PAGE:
October 23, 2001
by Wendy McElroy, mac@ifeminists.com

With fund-raising for Afghan relief running at a fever pitch, especially for the women and children deemed most at risk in the Taliban’s clutches, it behooves us to take a step back and ask where all this money is going.

Much of the money intended to help the women of Afghanistan has been steered toward a group called the Revolutionary Association of the Women of Afghanistan, or RAWA, which describes itself as an apolitical organization providing humanitarian services, primarily to refugees in Pakistan.

Eleanor Smeal — President of the left-wing Feminist Majority — testified before the U.S. Senate on October 11 that her group has formed more than 800 teams across America to help Afghan women.

“These teams — which include girl scout troops, community organizations, classrooms, and groups of family, friends, and co-workers — are organizing petition drives and raising funds to support schools and clinics run by Afghan women in Pakistan for refugees," she said.

Much of it, apparently, is going to RAWA.

RAWA has emerged as the most prominent anti-Taliban voice for women's rights. Its web site has rightfully horrified the public with compelling stories, photos, videos and audio documentation on the brutal oppression of women under the Taliban.

Two facts about RAWA emerge from its Web site.

First, that the agency has done heroic and much-needed work. For example, it established the Malalai hospital for refugee Afghan women and children in 1986 in Quetta, Pakistan. The hospital is now run by the Afghan Women's Mission.

Second, unlike relief organizations such as the Red Cross, RAWA is not, as it claims, apolitical. Politics, in fact, are at the root of RAWA. Its Web site describes it as "an independent political/social organization of Afghan women fighting for human rights and for social justice." During the Soviet invasion of Afghanistan, RAWA became active in the resistance movement and in 1981, the group’s founder and martyr, Meena, represented the resistance at the French Socialist Party Congress.

RAWA's stated goals include: the struggle against fundamentalists "and their foreign masters," "freedom, democracy, peace and women's rights in Afghanistan," and, "an elected secularist government based on democratic values."

The words seem simple enough, but in fact may mean something very different than what most Westerners would expect.

Some of RAWA's political goals are explicitly stated. UN forces, the group says, should disarm warring groups and occupy Afghanistan during a "transition" period after which a government "based on democratic values and comprised of neutral personalities" would be established.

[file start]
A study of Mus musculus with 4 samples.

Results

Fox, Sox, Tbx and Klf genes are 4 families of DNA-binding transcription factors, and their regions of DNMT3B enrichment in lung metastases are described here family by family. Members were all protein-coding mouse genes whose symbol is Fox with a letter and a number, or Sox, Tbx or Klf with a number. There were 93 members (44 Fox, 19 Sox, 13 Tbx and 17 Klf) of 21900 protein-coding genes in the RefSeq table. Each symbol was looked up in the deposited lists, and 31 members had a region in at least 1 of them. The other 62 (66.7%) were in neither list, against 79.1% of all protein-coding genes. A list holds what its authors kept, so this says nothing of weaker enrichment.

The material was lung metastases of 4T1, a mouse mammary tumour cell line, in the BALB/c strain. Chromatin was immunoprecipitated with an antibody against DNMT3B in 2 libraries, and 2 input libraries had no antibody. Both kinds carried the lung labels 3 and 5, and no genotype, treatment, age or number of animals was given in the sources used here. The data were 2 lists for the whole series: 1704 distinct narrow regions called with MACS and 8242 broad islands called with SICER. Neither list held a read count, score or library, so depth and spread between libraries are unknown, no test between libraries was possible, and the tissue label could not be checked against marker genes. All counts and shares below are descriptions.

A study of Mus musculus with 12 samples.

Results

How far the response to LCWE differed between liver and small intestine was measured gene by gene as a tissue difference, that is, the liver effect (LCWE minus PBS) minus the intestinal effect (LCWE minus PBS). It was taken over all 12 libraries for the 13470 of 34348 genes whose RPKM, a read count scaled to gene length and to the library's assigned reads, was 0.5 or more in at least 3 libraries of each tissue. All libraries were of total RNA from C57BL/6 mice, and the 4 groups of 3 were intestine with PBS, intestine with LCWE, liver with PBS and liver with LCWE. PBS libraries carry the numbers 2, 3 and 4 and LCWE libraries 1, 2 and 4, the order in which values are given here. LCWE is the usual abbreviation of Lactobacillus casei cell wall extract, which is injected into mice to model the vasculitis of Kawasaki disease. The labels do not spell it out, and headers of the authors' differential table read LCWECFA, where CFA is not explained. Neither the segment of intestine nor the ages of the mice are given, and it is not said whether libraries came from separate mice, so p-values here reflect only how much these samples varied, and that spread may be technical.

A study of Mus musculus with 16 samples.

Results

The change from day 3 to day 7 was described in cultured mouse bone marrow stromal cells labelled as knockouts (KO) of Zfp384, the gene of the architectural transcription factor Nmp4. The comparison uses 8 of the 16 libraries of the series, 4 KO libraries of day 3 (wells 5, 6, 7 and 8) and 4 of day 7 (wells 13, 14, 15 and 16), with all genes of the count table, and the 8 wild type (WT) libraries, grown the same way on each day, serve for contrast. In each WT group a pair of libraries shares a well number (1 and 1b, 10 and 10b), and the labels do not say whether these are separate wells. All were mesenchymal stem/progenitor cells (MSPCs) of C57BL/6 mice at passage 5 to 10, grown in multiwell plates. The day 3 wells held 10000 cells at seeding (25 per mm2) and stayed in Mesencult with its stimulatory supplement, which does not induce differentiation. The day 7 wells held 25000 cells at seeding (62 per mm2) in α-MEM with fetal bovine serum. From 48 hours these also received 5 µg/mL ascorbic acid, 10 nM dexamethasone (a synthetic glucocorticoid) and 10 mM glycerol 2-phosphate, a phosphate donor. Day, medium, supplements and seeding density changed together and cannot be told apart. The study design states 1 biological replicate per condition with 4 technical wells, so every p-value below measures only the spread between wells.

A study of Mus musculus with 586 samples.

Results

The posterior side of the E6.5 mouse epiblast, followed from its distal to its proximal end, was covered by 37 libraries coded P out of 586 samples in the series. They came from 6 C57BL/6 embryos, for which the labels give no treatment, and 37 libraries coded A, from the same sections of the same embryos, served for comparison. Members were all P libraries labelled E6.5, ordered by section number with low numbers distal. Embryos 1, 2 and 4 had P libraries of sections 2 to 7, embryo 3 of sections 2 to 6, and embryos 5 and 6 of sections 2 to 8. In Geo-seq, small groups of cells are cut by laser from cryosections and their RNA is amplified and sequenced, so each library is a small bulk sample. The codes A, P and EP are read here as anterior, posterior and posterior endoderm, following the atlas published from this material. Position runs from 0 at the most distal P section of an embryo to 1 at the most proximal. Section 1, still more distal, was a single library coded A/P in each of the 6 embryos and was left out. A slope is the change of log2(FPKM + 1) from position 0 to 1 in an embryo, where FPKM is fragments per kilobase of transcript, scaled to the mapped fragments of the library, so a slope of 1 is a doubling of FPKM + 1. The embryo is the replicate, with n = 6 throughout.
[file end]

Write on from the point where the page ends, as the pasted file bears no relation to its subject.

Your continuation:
Other political goals can be discerned from RAWA's activities. For example, at its 2000 celebration of International Women's Day, one of RAWA's featured speakers was Afzal Shah Khamosh, the heads of Pakistan’s openly Communist Mazdoor Kissan Party.

In the fast-moving world of Islamic politics, such a connection may mean little and might be easily explained. But few people are asking RAWA difficult or probing questions. Even professional skeptics — that is, journalists — have done only softball interviews and articles in venues ranging from New York Times Magazine to Court TV.

So RAWA remains something of a mystery, with only a Web site for a public face because of the group's understandable fear of retaliation from the Taliban. Its representatives commonly use false names, even when giving interviews in America. RAWA has no street address, only a P.O. Box in Pakistan to which donations can be sent. Such concealment may be prudent but it also is a barrier to accountability.

It is time for RAWA to become more open, for its own sake and for the sake of its donors. Its politics and any underlying ideology should be posted in a manner that eliminates oft-abused terms such as "democracy" or "revolutionary." The Web site should address specific questions posed by visitors.

For example, does RAWA favor the private ownership of guns for women in Afghanistan to defend themselves? What does RAWA mean when it says "women in our closed society...have their own sex preferences" and that it wants to publish magazines on "taboo subjects?" Which taboos will be discussed? And what safeguards of financial accountability exist for the donations pouring in? Can money be earmarked for hospitals or is it all going into one big pot to be used for magazines on “taboo subjects?”

RAWA's past accomplishments deserve applause but it needs to open up a little more, especially now that it is becoming part of American politics. On April 28th, it participated in a protest rally in front of the White House along with the Feminist Majority Foundation and the National Committee of Women for a Democratic Iran. An organization that holds protest rallies while asking for American dollars should expect to answer some probing questions.